Tonic Fall Guy v3

Review date: Dec 2011

 

Duration of test: July 2010 - present

Cost: €625 (£520 in December 2011) Inc BB bearings and seat clamp (€35 postage to UK)

Options: Black, white or clear coat with white or black graphics

Dealer: Chillrider for Europe (www.chillrider.fr)

Frame photos by Chillrider



Overview


Pro

- Geometry

- Weight

- Strength


Fail

- Cost

- Tyre clearance



Spec:

- Steel (secret grade)

- 4.3lb (1.950 kg)

- 24” wheels only

- MID bottom bracket
- 110mm x 14mm rear wheel spacing

Geometry:

Head tube angle: 71°

Seat tube angle: 72°

Top tube: 22’

Seat tube: 9’

Head tube: 112mm

Chain stays: 13.75’

BB height: neutral with 80mm suspension fork

So who is this frame for? Well if you are a die hard 24” rigid fork street rider then I would suggest a frame with a steeper head angle and higher bottom bracket. On the other hand, if you are an all round park and trails rider who runs a 60-80mm suspension fork who wants their MTB to feel as close as possible to a BMX, then you will reap the full benefits of this frame. If this sounds like you then I cannot recommend this frame highly enough.


Recent video of the Fall Guy being ridden in an indoor skatepark:

Tonic Fabrications is a relatively unknown company from across the Atlantic in Portland, Oregon. The two man team design and produce a small range of hand made trails, park, 4x, road and custom frames. There are no overseas contractors or factories involved in the process; everything is churned out of their workshop. Tonic Fab has a small team of riders and no obvious marketing strategy. Their focus is producing exceptionally engineered products for a specific purpose. A lack of major publicity and comparatively high prices dwarf the company amongst the shadows of their large competitors. Tonic Fab are almost totally reliant on word-of-mouth and the work of their dealers to promote the brand.


The Fall Guy set a trend; It was the first MTB frame to accommodate 24” wheels and BMX hubs and cranks when it was conceptualised in 2004 and introduced to the market in 2006. It took years for other companies to cotton on to this successful formula. The Fall Guy V2 was released in 2008 alongside the 26” specific Howie with tighter geometry and an internal head tube, and V3 followed in 2010 with further design tweaks.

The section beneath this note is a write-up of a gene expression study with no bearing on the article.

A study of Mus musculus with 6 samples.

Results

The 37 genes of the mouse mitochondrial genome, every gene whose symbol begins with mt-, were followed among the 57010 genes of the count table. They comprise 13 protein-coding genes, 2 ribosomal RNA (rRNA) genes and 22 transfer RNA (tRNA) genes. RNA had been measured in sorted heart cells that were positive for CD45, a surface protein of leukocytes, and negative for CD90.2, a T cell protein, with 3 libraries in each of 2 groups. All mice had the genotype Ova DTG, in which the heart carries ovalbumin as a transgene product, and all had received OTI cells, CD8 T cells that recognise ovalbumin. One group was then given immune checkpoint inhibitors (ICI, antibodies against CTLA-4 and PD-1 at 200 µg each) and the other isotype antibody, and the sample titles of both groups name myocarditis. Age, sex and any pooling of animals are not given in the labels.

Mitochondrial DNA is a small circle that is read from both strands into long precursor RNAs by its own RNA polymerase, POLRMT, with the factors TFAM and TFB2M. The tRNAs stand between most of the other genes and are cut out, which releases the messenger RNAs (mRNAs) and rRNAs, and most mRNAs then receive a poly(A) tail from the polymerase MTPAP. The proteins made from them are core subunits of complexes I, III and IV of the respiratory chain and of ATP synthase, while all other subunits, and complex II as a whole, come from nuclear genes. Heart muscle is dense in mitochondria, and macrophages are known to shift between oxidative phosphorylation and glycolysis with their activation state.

First Impressions

It’s impossible as an avid rider not to feel like a kid unwrapping a huge present at Christmas when opening a box containing a bicycle frame. When I took the package from the post man the weight and size of the box suggested that I had been conned. I breathed a sigh of relieve when I saw a frame peaking from the realm of cardboard. This was the smallest and lightest MTB frame I had ever held; It looked like a BMX frame! The Tonic has clean lines and a distinct head tube and dropouts.


I stripped the parts off the broken Dobermann and built the Tonic in a mad excitable rush. Due to the internal headset and BB bearings pre-pressed into the frame everything slotted in perfectly. With my bike ready to go I wasted no time in getting to the trails.


I was struck by the bikes agility and stability. I went through the trails on my first run. Everything felt right and I didn’t experience the cautious feeling I always felt when riding a new frame. On the pedal back to the run in, to my surprise, I did a clean hop 360. A friend commented that I was boosting higher than before. Of course I had just spent lots of money on this frame, but even so I didn’t expect to be this impressed.


The geometry is a culmination of park and trails. It has super short chain stays and a steep head angle (park), and a neutral bottom bracket height (trails). While the top tube measures 22”, front wheel and foot clearance is identical to a Dobermann with a 21.5” top tube (the steeper head angle and lower bottom bracket have an effect). The wheel clears my foot with a 1.85” tyre but not with a 2.1” unless I drastically tilt my lead pedal. The Tonic continued to please at the skatepark, and it became apparent that it felt at home where ever it was ridden.

After the Honeymoon

The incredibly low weight did not inspire confidence, and I was dubious about the frames long term durability. However I needn't have worried as despite being lighter than most BMX frames, it is still in one piece after 18 months of cases, flat landings, sideways landings and general abuse dished out on a regular basis thanks to my inconsistent approach. It has outlasted frames that weighed more despite experiencing a much tougher life. Light weight frames are known to dent easily, but the only mark on the Tonic is a tiny dent from when it was flung into the coping of a ledge after I looped out on the landing of a large quarter pipe wall ride. The original bottom bracket bearings are even still faultless!

Overall

The Fall Guy is predictable, dependable and responsive. No other steel 24” frame on the market weighs less or has shorter chain stays.


My only real criticisms is the poor tyre clearance (a 2.1” fits but only just, I run 1.85” so my wheel has room when bent). The chain stays could also be 2cm shorter, although at 13.75’ slammed I’m clearly trying to populate the negatives box. If a Fall Guy V4 was on the cards I would tweak the chain stays to accommodate a wider tyre, design an internal seat clamp and possibly steepen the head angle by a degree. Nothing else needs changing.